Posted on 14/09/2011 at 19:25

Pacha : Log Book

Quite a big update about the Albatross today : it's going forward, finally!
To begin with, in early June I moved her to my workshop (which I recently refurbished) : I had to install a tow ball on Blue Toad, my VW Rabbit, with which I really have moved everything. icone smiley wink
Anyway, the Pacha is finally in a place where I can take care of her, with light, room... Me likey!
I've started working on the engine; not that many surprises for now : cylinders look clean, valves aren't seized.
In the other hand, the water inlet tube tube at the bottom of the block crumbled in pieces in my hand, rusted out. Same thing for the brass water tube that diverts part of the water water flow from main gallery towards valve chambers, totally destroyed by oxidization. Well, I'm not too concerned, these parts are available at Small Ford Spares...
But it looks like bits of metal went through the cooling circuit, which the water pump did not appreciate : its impeller lost several teeth in the battle. I'll have to take care of it, but again it shouldn't be an issue, all parts are available : impeller only, repair kit, or full pump exchange, everything's possible. I will also need a new flywheel, this one suffered from the extended stay in water. icone smiley sad
I also got my hands on the spare engine Fred kept for me (thanks for your patience buddy!), I'm pretty sure I can make one good engine out of these two.
Getting the engine out of the hull was easier than I thought. The small 100E block isn't that heavy... With the help of a friend (thanks David), it came out pretty easily.
The tricky part was to take the prop shaft out of the engine. A wedged assembly, corrosion, concretions on the shaft, et a big brass nut (which you must handle with care because fragile!), and you've got the perfect recipe for a headache. icone smiley laugh
Finally, by following BN's advices (from the OldSpeedBoats forum), a couple of clamps, a heavy hammer and some patience were enough to free the engine from the shaft.
The next challenge will be to take the rudder out, since its nut is not only rusted but as well pretty much inaccessible... And it must go, unless the prop shaft won't leave either. icone smiley sad
I think I'll take the hull to sandblasting, but to prevent the blaster from using excessive air pressure (which would buckle the aluminium panels), I want to bring the boat already scraped from most of the bondo+paint layers currently covering it. It's a slow process ; the heat gun is a great tool for that.
In order to sandblast the hull, it also needs to be totally bare from any accessories. Everything must go! So I keep unscrewing stuff... Which is far from easy, since the 100 stainless steel screws had a galvanic reaction with the aluminium hull!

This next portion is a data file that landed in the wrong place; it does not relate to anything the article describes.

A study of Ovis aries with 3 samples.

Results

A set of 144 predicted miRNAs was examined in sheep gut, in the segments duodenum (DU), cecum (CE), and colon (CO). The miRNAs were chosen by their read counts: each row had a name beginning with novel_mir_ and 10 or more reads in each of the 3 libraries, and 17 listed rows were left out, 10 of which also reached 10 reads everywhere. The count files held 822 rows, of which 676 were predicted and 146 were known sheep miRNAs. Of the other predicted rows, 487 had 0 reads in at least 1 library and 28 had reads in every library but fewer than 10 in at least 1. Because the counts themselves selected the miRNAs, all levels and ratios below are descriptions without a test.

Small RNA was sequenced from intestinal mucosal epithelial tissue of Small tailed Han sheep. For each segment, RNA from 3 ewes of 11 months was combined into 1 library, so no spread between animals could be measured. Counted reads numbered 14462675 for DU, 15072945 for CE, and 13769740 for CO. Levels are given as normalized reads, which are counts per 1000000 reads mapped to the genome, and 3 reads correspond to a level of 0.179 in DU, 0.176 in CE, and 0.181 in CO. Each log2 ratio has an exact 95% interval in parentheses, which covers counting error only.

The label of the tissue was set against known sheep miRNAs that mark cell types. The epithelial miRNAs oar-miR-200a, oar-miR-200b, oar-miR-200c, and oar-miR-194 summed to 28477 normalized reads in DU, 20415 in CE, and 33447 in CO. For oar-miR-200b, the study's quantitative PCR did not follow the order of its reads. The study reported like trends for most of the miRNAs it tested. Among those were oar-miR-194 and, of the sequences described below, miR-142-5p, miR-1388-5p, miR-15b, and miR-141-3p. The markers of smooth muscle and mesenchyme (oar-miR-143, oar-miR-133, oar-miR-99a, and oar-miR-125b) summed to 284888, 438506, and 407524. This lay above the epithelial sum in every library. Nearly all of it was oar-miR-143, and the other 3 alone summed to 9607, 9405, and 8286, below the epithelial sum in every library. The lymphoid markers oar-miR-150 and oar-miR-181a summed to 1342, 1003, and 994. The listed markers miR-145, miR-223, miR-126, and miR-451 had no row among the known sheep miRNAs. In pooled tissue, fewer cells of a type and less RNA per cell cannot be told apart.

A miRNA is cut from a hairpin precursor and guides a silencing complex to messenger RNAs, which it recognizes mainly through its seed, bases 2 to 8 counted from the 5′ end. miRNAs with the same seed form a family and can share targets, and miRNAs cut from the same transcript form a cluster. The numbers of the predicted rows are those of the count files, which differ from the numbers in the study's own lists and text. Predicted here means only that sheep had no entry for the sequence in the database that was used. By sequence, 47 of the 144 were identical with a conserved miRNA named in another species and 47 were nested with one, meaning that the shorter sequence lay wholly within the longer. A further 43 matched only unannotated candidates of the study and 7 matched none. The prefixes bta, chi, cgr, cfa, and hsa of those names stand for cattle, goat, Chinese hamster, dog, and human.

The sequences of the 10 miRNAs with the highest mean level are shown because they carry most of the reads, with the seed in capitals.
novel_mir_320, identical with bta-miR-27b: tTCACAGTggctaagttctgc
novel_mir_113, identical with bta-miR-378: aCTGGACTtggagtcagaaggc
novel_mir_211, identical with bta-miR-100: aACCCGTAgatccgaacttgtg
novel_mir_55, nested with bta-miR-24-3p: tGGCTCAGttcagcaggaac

Each one of them is like "welded", and it's a renewed challenge every time to take them out. Any method is good : WD40, impact screwdriver, heat gun, hammer, pneumatic grinder... But at the end of the day, the one that gave the best results is using vise-grips, very tightly tighten on the inside part of the screw (once the nut is removed). Then, with a small back-and-fort movement, the screw gives in... But it take a solid 10mn per screw, and I count 60 of'em just from the aluminium rail around the hull!
And you'd better not be claustrophobic : to get access to the front compartment, you need to crawl under the dashboard (being 6ft tall doesn't help, believe me), then slide head first into a 35cm (13.7") hole all the way to the waist ; my shoulders don't even fit in that hole, I need to pass one after the other, with razor-sharp edges all around, no room for my arms, no breathable air... Even though I'm not claustrophobic, I must admit that one night, alone at 1AM, stuck into that compartment, I wasn't feeling that comfortable. icone smiley wink

By the way, I made a funny discovery : a series of numbers, handwritten with a lead pencil right below the rivets of the front compartment. I guess these are the riveting order, as written there by an Albatross Marine employee in 1957. And when I see how "easy" it is to get there, I wouldn't be surprised if I was the very first to see that since the boat was built. Touching, no? icone smiley laugh

So, that's where I've arrived! I often spend my evenings there ("I'm doing my Jethro", kudos to the one who gets the reference), therefore there's actual progress. I hope I'll get it bare by the end of the month, to get it sandblasted. To be continued soon!